This is a misleading message. It either stands alone or, more commonly, is incorporated in a message about a proper diet for prevention of Covid-19.
“This is to inform us all that the pH for corona virus varies from 5.5 to 8.5.
RESEARCH: JOURNAL OF VIROLOGY, APRIL 1991, PAGE 1916
All we need to do, to beat corona virus, we need to take more of an alkaline foods that are above the above pH level of the Virus.
Some of which are:
Lemon – 9.9pH
Lime – 8.2pH
Avocado – 15.6pH
Garlic – 13.2pH
Mango – 8.7pH
Tangerine – 8.5pH
Pineapple – 12.7pH
Dandelion – 22.7pH
Orange – 9.2pH
Your Good Health Is Priority.
Please pass on to everyone you know so they may feel empowered at this time.
Coronavirus doesn’t have own pH level, alkaline food won’t ‘beat’ it
Published on 25 March 2020
“This is to inform us all that the pH for corona virus varies from 5.5 to 8.5,” reads a graphic shared on WhatsApp. It says this is based on “research” from “Journal of Virology, April 1991”. A similar claim is going around Facebook where it is used to sell an “alkaline cup”.
The graphic goes on: “All we need to do, to beat corona virus, we need to take more of an alkaline foods that are above the above pH level of the Virus.” It says these foods include lemon, lime, avocado and garlic but doesn’t say how exactly they beat it.
Here alarm bells should start to ring. According to the graphic, avocado has a pH of “15.6”. But the pH scale, which measures how acidic or basic something is, goes from zero to 14. Nothing has a pH above 14.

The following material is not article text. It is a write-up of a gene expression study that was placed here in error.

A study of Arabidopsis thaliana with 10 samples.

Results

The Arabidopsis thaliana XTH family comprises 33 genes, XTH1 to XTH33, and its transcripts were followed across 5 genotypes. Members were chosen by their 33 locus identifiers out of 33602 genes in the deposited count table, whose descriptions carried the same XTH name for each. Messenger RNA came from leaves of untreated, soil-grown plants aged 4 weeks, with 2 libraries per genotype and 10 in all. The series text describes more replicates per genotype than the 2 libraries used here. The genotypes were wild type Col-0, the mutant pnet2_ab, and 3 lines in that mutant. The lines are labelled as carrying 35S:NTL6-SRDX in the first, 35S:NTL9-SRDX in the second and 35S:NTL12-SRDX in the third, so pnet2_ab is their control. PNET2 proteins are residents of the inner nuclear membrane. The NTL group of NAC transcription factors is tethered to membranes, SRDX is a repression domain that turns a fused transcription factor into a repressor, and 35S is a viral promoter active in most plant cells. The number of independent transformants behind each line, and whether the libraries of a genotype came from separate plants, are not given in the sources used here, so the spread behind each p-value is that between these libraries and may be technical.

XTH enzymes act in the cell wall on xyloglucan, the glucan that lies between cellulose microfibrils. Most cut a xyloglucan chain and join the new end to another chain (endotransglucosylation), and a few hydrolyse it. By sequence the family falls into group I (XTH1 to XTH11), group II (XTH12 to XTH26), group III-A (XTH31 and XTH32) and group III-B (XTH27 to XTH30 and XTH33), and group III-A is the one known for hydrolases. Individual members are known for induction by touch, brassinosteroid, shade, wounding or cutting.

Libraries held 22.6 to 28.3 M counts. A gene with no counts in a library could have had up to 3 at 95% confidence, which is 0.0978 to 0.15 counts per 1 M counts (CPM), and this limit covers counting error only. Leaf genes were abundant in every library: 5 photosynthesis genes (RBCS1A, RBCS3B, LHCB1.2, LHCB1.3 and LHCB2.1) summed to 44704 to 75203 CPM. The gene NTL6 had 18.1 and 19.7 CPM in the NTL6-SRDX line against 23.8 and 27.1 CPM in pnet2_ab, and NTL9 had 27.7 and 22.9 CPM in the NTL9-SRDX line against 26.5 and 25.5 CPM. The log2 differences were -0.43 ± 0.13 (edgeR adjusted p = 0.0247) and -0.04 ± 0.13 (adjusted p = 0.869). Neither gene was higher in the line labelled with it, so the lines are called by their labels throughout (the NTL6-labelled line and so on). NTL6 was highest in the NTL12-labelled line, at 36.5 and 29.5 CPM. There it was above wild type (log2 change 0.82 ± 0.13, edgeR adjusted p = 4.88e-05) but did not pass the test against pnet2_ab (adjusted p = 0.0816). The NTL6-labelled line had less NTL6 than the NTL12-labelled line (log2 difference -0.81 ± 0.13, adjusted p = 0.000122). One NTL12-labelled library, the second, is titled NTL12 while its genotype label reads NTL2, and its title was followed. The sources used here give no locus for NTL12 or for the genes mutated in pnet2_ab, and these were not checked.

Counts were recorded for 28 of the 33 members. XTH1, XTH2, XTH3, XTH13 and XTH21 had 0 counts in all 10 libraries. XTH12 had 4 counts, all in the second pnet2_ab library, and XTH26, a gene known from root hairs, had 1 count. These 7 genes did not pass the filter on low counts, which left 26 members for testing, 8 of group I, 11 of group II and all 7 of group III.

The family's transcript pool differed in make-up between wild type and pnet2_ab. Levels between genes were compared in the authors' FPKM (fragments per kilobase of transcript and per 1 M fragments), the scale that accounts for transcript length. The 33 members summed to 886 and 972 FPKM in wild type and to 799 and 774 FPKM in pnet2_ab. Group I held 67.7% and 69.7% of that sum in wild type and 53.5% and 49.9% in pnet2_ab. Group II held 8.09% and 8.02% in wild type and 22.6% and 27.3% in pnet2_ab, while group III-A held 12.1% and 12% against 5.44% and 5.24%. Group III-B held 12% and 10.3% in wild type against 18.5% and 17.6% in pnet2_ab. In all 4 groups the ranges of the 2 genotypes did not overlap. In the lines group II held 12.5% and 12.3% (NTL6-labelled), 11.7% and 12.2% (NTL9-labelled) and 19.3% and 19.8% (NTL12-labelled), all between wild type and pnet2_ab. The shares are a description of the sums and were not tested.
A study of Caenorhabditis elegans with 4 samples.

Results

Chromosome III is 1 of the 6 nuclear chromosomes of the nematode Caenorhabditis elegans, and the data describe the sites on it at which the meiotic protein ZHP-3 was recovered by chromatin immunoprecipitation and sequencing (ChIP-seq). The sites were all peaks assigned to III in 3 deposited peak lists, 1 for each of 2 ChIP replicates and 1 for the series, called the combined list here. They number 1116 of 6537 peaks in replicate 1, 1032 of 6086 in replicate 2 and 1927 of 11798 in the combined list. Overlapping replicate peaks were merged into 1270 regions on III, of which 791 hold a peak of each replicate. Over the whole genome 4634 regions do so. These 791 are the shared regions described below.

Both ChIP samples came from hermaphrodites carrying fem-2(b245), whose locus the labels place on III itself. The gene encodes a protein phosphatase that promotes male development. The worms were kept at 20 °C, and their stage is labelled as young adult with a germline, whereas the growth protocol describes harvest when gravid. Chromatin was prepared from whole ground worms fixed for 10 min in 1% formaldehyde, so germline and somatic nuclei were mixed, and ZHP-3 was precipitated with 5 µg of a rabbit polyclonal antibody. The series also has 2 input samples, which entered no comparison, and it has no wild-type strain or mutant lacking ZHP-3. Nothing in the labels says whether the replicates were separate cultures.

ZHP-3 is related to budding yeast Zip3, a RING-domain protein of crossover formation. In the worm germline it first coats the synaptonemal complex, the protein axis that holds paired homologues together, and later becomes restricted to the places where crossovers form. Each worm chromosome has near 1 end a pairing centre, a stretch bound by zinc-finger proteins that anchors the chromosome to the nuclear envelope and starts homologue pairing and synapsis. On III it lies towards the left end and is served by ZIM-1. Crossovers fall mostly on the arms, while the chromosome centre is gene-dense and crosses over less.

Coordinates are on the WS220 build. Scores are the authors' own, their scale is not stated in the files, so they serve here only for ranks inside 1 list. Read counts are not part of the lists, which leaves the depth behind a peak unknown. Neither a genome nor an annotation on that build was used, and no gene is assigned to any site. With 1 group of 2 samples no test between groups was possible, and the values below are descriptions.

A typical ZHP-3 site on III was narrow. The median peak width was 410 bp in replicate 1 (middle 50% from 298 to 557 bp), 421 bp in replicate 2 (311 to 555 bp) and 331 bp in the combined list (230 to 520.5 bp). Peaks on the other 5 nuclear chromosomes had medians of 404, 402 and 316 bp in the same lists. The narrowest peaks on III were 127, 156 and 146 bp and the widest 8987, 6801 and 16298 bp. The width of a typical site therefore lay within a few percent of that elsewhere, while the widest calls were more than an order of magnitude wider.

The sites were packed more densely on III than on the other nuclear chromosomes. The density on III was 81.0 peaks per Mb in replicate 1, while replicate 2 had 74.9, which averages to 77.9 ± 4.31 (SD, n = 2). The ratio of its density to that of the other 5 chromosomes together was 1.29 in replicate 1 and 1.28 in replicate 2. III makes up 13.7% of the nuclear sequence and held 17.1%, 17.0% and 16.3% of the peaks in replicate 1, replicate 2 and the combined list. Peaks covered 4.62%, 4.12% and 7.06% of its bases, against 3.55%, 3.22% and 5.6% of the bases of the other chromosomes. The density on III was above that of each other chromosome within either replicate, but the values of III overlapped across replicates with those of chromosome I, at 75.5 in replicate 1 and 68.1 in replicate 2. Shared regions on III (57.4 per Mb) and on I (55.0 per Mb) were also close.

But could the pH for the new coronavirus “vary from 5.5 to 8.5”? We checked.
Coronaviruses and pH
Coronaviruses are a group of viruses that cause illnesses ranging from the common cold to more serious diseases. An outbreak of a new coronavirus was identified in Wuhan, China in late December 2019. It causes the disease Covid-19.
There are over 400,000 confirmed cases of the disease worldwide, with more than 18,000 deaths.
An article about a coronavirus and pH was published in the Journal of Virology, from the American Society for Microbiology, in April 1991. It’s titled Alteration of the pH Dependence of Coronavirus-Induced Cell Fusion: Effect of Mutations in the Spike Glycoprotein.
But the very first sentence of the abstract makes it clear that the 1991 study was looking at a completely different coronavirus – the coronavirus mouse hepatitis virus type 4, or MHV4. The new coronavirus that causes Covid-19 is called severe acute respiratory syndrome coronavirus 2, or SARS-CoV-2.